British Gas has placed what it claims is the largest order of electric vehicles (EVs) by a UK business to date, after bringing its target for full fleet electrification forward to 2025.
The Centrica-owned firm has today (22 February) announced an order for 2,000 pure electric Vivaro-e vans from Vauxhall, which are due to be integrated into its fleet by the start of next year. It had already placed an order for 1,000 of these vans last summer.
Vauxhall claims that the 75kW Vivaro-e has a range of up to 205 miles and that it can reach 80% of this range with a 45-minute session at a rapid charging point. The model is eligible for the UK Government’s grant scheme that covers 20% of the upfront cost for businesses.
As for British Gas, the firm is one of the UK’s biggest fleet operators, with 12,000 vehicles. It is now striving to electrify the entirety of this fleet, along with its 1,500 company cars, by 2025, having previously set a 2030 deadline.
British Gas’s own fleet electrification commitments mirror its changing business model and services, the company said in a statement. The firm notably provides charger installation and utility tariffs linked to EV use to both business and domestic customers. It is aiming to recruit 1,000 engineering apprentices, largely within the EV workforce, by the end of 2022.
“Everyone needs to act now to lower carbon emissions and help the UK reach net-zero,” Centrica’s chief executive Chris O’Shea said. “We are leading from the front by not only lowering emissions for our customers and our communities, but by lowering our own emissions, and by increasing the speed at which we do this. Fully electrifying our fleet will make a big difference.”
Last year, Centrica announced a new commitment to becoming a net-zero organisation by 2050. This edie In Action case study charts the progress that the firm is now making towards its net-zero goal.
Centrica is one of the 101 businesses signed up to The Climate Group’s EV100 initiative. Launched in 2019, the aim of the initiative is to help make zero-emission transport “the new normal” by 2030. Other members in the utilities space include SSE and Severn Trent.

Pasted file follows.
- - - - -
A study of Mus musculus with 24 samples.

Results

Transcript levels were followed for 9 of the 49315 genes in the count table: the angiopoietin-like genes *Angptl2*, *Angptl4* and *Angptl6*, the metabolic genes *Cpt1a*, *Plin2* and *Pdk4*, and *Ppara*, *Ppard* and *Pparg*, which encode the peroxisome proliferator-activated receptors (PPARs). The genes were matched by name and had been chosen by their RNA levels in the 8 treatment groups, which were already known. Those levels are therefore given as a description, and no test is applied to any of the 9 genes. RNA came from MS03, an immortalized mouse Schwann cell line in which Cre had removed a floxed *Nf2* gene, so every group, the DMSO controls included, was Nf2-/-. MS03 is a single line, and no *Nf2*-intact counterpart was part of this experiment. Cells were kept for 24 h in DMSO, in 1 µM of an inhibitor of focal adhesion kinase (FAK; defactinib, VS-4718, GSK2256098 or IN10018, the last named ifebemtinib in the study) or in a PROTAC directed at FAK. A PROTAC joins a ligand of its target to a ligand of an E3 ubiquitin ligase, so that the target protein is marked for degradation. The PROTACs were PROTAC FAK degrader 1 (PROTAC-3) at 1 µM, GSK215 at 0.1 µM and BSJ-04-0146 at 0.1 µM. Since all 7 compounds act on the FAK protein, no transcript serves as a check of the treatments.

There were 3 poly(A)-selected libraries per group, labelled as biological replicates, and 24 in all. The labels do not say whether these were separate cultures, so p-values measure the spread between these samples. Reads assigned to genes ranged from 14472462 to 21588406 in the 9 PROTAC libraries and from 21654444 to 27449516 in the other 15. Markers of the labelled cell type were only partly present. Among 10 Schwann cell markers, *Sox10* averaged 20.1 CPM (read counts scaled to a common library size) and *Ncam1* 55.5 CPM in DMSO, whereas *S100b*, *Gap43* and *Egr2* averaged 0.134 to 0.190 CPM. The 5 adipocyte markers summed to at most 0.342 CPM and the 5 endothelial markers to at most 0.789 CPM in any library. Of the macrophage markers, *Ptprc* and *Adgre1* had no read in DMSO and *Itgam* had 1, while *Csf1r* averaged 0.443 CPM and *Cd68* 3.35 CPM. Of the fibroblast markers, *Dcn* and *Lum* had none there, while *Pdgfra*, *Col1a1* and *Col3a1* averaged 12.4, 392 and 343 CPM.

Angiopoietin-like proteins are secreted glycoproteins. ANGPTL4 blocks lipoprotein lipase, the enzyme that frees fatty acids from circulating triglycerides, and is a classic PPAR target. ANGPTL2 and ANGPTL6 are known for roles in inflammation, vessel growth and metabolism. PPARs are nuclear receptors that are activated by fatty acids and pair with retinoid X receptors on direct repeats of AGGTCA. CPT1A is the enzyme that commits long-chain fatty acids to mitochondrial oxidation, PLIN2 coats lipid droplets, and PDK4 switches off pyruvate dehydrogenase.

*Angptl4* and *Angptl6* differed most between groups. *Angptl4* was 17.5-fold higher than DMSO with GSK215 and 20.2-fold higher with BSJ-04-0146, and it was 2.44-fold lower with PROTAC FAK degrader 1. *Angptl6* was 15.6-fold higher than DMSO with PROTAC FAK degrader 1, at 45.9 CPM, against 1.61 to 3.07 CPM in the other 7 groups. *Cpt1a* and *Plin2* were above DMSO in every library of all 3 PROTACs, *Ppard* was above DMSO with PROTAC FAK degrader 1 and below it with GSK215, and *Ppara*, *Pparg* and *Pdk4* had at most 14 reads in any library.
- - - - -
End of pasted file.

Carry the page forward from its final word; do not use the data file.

The Climate Group last week published its second annual progress report on EV100, revealing that member businesses have collectively rolled out more than 169,000 EVs to date, with 89,000 having been rolled out in 2020 alone.
Aside from growing participation in EV100 and acceleration in terms of EV commitments and delivery, however, the report also highlighted several remaining challenges for business fleet electrification. Many participating businesses told The Climate Group that carmakers do not offer all the vehicles they need, particularly in the case of heavier vehicles, or that upfront costs are still too high in some cases.
Mitie’s new EV pledge
In related news, facilities management firm Mitie has announced a new commitment to have at least 2,021 pure EVs in its fleet by the end of the year. This is equivalent to more than a quarter of its 7,100-vehicle-strong fleet.
Mitie met its previous EV target – to integrate 717 EVs into its fleet by the start of 2020 – three months ahead of schedule and now operates more than 900 EVs.
The new target formed part of a raft of updated interim commitments under Mitie’s Plan Zero sustainability strategy, which is headlined by a commitment to achieve net-zero operational (Scope 1) and power-related (Scope 2) emissions by 2025.
Other new goals are achieving net-zero for Scope 3 (indirect) emissions by 2035 and reducing annual energy use across the office estate by 100,000kWh.